Tips for Drivers to Avoid the Risks of Driving Unlicensed or Uninsured

PRESS RELEASE: February 23, 2012 - Driving without a license or without insurance are a bigger risk than many people think, and provides the important facts every driver should know about being legal on the road. A valid driver’s license and proof of insurance might be simply a pieces of paper, but they are also the important legal documents than ensure every car on the road is being driven by a tested and financially responsible person who meets every provincial requirement for road safety. Hitting the road without these is illegal and a big risk for everyone.

It is required by law in every province that any driver who gets behind the wheel of a car must meet the legal requirements. This means they must hold a valid driver’s license and carry insurance that meets the minimum coverage required by provincial law. Driving without one or the other may seem like a minor thing, but wants drivers to know that if caught, they will face very serious consequences.

Driving Without a License

No matter what the reason is for a driver not having a valid license, there is no excuse for being on the road without it. This is among the more serious offences according to the Highway Safety Act. Anyone who drives without a license is endangering the lives of the others on the road because, according to the law, they aren’t qualified to be behind the wheel. A driver cannot be on the road in any of these circumstances:

  • The driver has never been licensed
  • The driver’s license has been suspended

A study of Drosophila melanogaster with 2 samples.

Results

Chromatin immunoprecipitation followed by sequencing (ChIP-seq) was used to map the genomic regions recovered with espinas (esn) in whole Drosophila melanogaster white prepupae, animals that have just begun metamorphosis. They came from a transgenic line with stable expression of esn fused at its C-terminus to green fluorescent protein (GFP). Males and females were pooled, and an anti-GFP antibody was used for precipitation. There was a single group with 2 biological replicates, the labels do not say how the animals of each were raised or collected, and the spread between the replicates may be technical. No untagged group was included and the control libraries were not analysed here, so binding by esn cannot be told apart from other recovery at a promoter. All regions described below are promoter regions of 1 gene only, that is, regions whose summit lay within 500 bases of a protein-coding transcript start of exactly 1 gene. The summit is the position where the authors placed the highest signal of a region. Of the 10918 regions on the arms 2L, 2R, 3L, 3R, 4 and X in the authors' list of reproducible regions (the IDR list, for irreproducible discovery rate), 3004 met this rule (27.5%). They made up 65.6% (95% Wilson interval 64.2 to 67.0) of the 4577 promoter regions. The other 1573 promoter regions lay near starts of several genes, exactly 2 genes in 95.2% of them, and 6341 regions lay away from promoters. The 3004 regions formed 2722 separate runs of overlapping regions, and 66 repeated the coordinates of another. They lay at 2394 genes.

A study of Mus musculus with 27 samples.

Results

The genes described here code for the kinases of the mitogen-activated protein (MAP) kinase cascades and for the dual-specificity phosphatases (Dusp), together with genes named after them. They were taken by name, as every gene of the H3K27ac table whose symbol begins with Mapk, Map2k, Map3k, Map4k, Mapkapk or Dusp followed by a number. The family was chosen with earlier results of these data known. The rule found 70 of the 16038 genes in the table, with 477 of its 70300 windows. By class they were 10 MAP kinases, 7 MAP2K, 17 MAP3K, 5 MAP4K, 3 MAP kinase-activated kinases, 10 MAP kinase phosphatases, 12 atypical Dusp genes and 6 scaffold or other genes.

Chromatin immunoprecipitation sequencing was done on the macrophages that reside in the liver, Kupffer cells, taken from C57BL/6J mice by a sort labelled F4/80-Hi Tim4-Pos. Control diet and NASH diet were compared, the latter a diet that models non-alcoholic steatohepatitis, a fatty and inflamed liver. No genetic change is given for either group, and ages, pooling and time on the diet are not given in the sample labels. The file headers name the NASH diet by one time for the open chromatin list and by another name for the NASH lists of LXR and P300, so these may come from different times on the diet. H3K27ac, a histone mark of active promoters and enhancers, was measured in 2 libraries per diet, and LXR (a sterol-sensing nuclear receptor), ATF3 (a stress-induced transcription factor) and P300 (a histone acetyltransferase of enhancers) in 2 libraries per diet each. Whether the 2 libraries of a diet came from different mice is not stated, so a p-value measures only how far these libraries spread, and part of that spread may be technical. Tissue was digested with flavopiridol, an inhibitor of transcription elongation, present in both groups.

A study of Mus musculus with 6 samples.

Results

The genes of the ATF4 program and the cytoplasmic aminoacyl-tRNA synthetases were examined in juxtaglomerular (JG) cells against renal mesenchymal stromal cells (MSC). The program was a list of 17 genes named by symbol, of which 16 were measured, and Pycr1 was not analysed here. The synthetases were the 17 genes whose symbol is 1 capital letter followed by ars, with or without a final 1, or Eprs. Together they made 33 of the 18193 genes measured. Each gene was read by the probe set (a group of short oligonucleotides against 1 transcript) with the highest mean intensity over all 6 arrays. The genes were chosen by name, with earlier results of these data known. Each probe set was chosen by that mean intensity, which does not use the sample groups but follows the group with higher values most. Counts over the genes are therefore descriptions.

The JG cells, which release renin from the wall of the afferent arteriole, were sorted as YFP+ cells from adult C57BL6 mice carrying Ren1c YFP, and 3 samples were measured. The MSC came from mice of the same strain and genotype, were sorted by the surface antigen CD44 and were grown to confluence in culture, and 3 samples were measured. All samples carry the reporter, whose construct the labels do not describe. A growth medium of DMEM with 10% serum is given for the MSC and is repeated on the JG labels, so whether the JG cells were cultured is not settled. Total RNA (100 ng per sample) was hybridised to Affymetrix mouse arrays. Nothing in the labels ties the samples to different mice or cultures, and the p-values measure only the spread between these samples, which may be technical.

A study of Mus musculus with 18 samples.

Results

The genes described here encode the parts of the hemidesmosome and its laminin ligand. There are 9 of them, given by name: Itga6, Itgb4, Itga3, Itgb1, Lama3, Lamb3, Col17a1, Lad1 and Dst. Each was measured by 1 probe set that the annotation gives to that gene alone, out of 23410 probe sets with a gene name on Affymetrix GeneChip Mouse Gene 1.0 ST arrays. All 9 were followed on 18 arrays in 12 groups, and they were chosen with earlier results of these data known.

• The driver’s license is expired
  • The driver is on a graduated licensing system and does not have the required fully licensed driver in the vehicle.

Making the decision to get behind the wheel knowing that the legal requirements are not met is a major offence. The potential consequences of being caught driving without a license depend on the province where the offense takes place and the circumstances but include:

  • Impoundment of the vehicle, regardless of who owns it
  • Receiving a ticket accompanied by a fine
  • Cost of any towing and impound fees
  • Increases in your insurance rates

It is also important to note that if an unlicensed driver is behind the wheel when an accident occurs, a car insurance company may refuse to pay the claim. "Having a license is a part of your contractual agreement with the insurance company," reminds’s Tammy Ezer, "and if you break that contract they may consider it void and refuse coverage."

Driving Without Insurance

The legal requirement for insurance coverage on every vehicle that enters a Canadian road is in place to ensure that everyone is financially responsible for their actions. Driving without insurance is a dangerous proposition that could leave a driver facing some serious consequences, not the least of which is being held responsible for the cost of all repairs and medical bills. Other consequences include:

  • Receiving a ticket and accompanying fine
  • Increased insurance rates
  • Demerit points on your license

There is a difference between driving uninsured and failure to provide proof of insurance. A driver who does have auto insurance but is unable to produce proof when stopped by law enforcement may still face a fine, but it will be less serious than if the driver is actually uninsured.

Drivers should never get behind the wheel without a valid license and the required insurance policy. Be sure when lending a vehicle that the driver is licensed, and remember that insurance follows the vehicle; if an accident occurs the owner of the vehicle will be held responsible for damages. Staying legal on the road is the best way to go.